Pop culture obsessives writing for the pop culture obsessed.
Pop culture obsessives writing for the pop culture obsessed.

Showtime’s Couples Therapy is remarkably cathartic reality TV

Dr. Orna Guralnik in Couples Therapy season two
Dr. Orna Guralnik in Couples Therapy season two
Photo: Showtime

Showtime’s Couples Therapy is reality TV, but it refreshingly doesn’t fall under the traditional purview of the genre. The series is often quite intense, so it’s initially hard to imagine deriving any relaxation out of watching various couples air out intimate and serious issues. But the show also doesn’t dial up the volume of these issues to construct a falsified reality; instead, it invites audiences to be a fly on the wall inside the stylish orange-and-brown set designed as Dr. Orna Guralnik’s office. Unlike most reality series, there aren’t any talking heads with cast members expressing what usually is manufactured fiendish disdain, dramatic sobs, or overly enthusiastic joy for the sake of the camera—which is a different yet valid type of fun for viewers. Couples Therapy doesn’t take away from that concept, but it elevates the genre by remaining—surprise!—authentic.


The current second season (which will wrap up with a finale on May 16) doesn’t differ vastly from season one. New episodes were filmed over eight months in 2020, invoking the pandemic without forcing a connection or focusing on its horrors. Guralnik’s sessions are conducted online for a while in the early episodes before she resumes in-person visits. By including the difficulties of lockdown and the impact on the participants’ relationships and marriages, Couples Therapy establishes a poignant universality to its concept. Almost everyone has felt profound ramifications on their mental health while being cooped up indoors, and the show doesn’t shy away from thoughtfully depicting this, especially in the case of Matthew and Gianni.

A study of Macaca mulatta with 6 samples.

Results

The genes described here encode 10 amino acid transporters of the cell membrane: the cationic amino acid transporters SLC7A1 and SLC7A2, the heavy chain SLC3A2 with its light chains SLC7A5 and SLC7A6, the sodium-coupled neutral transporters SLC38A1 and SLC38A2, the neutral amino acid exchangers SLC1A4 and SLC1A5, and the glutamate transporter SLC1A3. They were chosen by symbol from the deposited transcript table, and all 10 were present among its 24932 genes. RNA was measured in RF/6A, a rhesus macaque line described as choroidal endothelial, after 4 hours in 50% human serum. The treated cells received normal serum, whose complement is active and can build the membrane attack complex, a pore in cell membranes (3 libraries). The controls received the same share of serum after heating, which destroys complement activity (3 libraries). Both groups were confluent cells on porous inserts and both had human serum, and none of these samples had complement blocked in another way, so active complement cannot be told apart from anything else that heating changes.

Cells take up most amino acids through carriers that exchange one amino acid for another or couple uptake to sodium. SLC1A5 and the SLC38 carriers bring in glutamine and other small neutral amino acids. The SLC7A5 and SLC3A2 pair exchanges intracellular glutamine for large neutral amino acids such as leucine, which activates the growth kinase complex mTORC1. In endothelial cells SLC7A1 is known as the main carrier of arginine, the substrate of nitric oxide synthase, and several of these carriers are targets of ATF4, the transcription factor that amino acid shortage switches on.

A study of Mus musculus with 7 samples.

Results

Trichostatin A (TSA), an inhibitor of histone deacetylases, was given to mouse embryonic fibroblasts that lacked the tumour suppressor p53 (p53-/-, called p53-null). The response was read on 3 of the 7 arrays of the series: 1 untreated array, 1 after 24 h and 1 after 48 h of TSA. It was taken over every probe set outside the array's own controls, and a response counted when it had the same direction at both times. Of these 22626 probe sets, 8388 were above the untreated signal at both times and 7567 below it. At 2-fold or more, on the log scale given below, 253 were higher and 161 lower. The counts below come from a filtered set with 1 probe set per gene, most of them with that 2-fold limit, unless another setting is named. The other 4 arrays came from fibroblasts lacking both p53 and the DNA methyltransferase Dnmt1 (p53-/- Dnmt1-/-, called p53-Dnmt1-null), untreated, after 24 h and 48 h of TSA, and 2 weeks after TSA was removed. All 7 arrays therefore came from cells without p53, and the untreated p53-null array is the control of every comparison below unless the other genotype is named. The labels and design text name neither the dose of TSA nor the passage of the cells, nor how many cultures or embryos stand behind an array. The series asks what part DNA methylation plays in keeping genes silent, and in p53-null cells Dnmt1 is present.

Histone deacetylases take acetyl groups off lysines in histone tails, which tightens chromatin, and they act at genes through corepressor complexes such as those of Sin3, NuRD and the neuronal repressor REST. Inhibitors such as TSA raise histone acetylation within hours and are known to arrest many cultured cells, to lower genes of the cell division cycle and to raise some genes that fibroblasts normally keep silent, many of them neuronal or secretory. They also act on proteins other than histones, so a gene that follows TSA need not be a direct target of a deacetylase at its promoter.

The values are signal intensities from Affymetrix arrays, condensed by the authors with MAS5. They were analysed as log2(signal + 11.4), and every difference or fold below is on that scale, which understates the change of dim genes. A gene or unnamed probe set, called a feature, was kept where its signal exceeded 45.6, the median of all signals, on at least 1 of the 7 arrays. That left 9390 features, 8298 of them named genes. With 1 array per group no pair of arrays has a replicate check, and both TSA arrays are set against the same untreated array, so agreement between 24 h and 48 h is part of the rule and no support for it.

Gianni, Matthew, and Dr. Orna Guralnik in Couples Therapy season two
Gianni, Matthew, and Dr. Orna Guralnik in Couples Therapy season two
Photo: Showtime

One of the three couples featured in season two, Matthew and Gianni discuss the difficulties and joys of their relationship on the show. While Matthew bravely battles addiction with his partner’s support, Gianni suffers emotionally because he hasn’t been able to see his family in Italy for several months due to travel restrictions. It’s a heart-rending story for everyone who hasn’t been been able to see their loved ones, but more so for immigrants who can be thousands of miles away from their families during a global crisis. This season also includes an Orthodox Jewish married couple with children, Michael and Michal, as well as unmarried couple Tashira and Dru who live together to raise their young kids. The show’s unpacking of Michal’s anxiety and Tashira’s fears is as pertinent as the way it explores the happiness in their lives, witnessed through the camera simply and subtly capturing their day-to-day activities.

Couples Therapy is co-produced by Josh Kriegman, who also directs this season along with Kim Roberts. Kriegman told Vulture in a 2019 interview that they conceal the cameras in the office set behind a one-way glass, so neither Guralnik nor the participating couples feel pressurized or interrupted. This technique is effective in establishing the show as honest, non-dramatized reality docuseries, and helps build a connection with everyone involved on-screen. Couples Therapy’s biggest asset is Dr. Guralnik: She’s clearly an expert counselor who understands the value of listening, while carefully but firmly encouraging the people sitting on the couch opposite her to open up with a gentle hand movement, using phrases like “say more,” and hunching forward to take in their life stories. Guralnik homes in on the crux of their troubles over the nine episodes, imparting insightful advice that is often cathartic to hear. It helps make Couples Therapy a mix of a somber, engaging, and entertaining reality TV.